What is the value of hacked email, website account, or computer?
“Hacked” in the context of this announcement is defined as stolen, compromised, or otherwise accessed account/computing asset without the authorization and often knowledge of their owner. The attackers can hack into an account to gain system access or they can gain system access and then harvest accounts that reside on the computer stored in browsers, the computer memory, or computer files (plain text and even password protected files with easy to guess password).
Picture is worth a thousand words:
Figure 1. Value and uses of hacked email.Source: https://krebsonsecurity.com/2013/06/the-value-of-a-hacked-email-account/
Figure 2. Value and uses of of Hacked PC.Source: https://krebsonsecurity.com/2012/10/the-scrap-value-of-a-hacked-pc-revisited/
Figure 3. Stolen account economics.
What is the impact on the University of a compromised account or computer?
- FERPA federal funding implications
- PCI DSS credit card processing implications
- HIPAA patient record privacy, security, criminal, and financial implications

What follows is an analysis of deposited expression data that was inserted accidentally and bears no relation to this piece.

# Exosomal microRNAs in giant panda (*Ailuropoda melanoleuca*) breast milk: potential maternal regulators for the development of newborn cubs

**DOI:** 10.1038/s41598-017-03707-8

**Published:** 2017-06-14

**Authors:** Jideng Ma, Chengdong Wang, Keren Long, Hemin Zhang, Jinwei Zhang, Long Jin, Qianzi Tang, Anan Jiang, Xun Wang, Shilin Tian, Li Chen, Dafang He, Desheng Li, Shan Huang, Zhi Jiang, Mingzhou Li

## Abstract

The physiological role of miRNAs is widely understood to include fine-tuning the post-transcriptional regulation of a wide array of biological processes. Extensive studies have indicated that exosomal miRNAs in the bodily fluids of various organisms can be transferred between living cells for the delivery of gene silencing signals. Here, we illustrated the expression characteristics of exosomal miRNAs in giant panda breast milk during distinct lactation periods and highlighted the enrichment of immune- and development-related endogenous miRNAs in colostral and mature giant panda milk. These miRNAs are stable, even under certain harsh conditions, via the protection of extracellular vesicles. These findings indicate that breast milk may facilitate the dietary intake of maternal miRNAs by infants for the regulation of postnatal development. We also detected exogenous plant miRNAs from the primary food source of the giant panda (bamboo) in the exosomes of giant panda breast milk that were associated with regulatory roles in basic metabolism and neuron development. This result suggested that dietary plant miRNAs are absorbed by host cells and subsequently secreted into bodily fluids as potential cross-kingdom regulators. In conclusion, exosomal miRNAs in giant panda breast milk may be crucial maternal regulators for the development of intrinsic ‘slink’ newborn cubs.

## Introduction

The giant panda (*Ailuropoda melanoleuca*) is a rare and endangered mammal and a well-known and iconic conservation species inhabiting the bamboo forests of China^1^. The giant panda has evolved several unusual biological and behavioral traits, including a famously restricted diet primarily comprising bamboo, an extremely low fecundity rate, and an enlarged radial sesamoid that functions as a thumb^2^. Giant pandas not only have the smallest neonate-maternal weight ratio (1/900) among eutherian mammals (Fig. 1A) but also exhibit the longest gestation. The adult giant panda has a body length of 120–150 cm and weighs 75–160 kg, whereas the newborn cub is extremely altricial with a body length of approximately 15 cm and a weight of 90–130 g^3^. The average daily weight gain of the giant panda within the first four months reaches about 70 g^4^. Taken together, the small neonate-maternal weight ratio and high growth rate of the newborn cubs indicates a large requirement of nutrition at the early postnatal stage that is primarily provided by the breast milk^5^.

- Tangible loss: costs for event/impact analysis, containment, eradication, recovery, future proactive measures, notification, identity protection services, hotline, etc.
- Intangible loss: reputation, trust, confidence in our commitment to protect the data and services we deliver to our constituents and community partners
What can we do?
- STOP. LOOK. THINK. before clicking on links or attachments.
- Join the “Human Firewall”, which is delivered through KnowBe4, our partner for the FSU cyber security awareness, training, and education program. Enter your FSU email address [email protected] and you will receive an email with instructions from KnowBe4 to sign in.
- Manage your passwords. Don’t reuse them. Password managers like keepass, dashlane, lastpass have free personal password vaults, which allow you to create one very complex password and help you manage passwords for any other accounts without you having to memorize them.
- Be proactive, sign up for HaveIBeenPwned, where you can be notified if personal or University email address was compromised and reported as part of a publicly discovered security incident.
Do not use @ferris.edu account for personal business. When we detect that your @ferris.edu is part of reported cyber security incident, we will do our best to notify you and take appropriate actions to minimize impact on the University.
Figure 4. Number of @ferris.edu accounts that ITS detected and assisted with in 2017.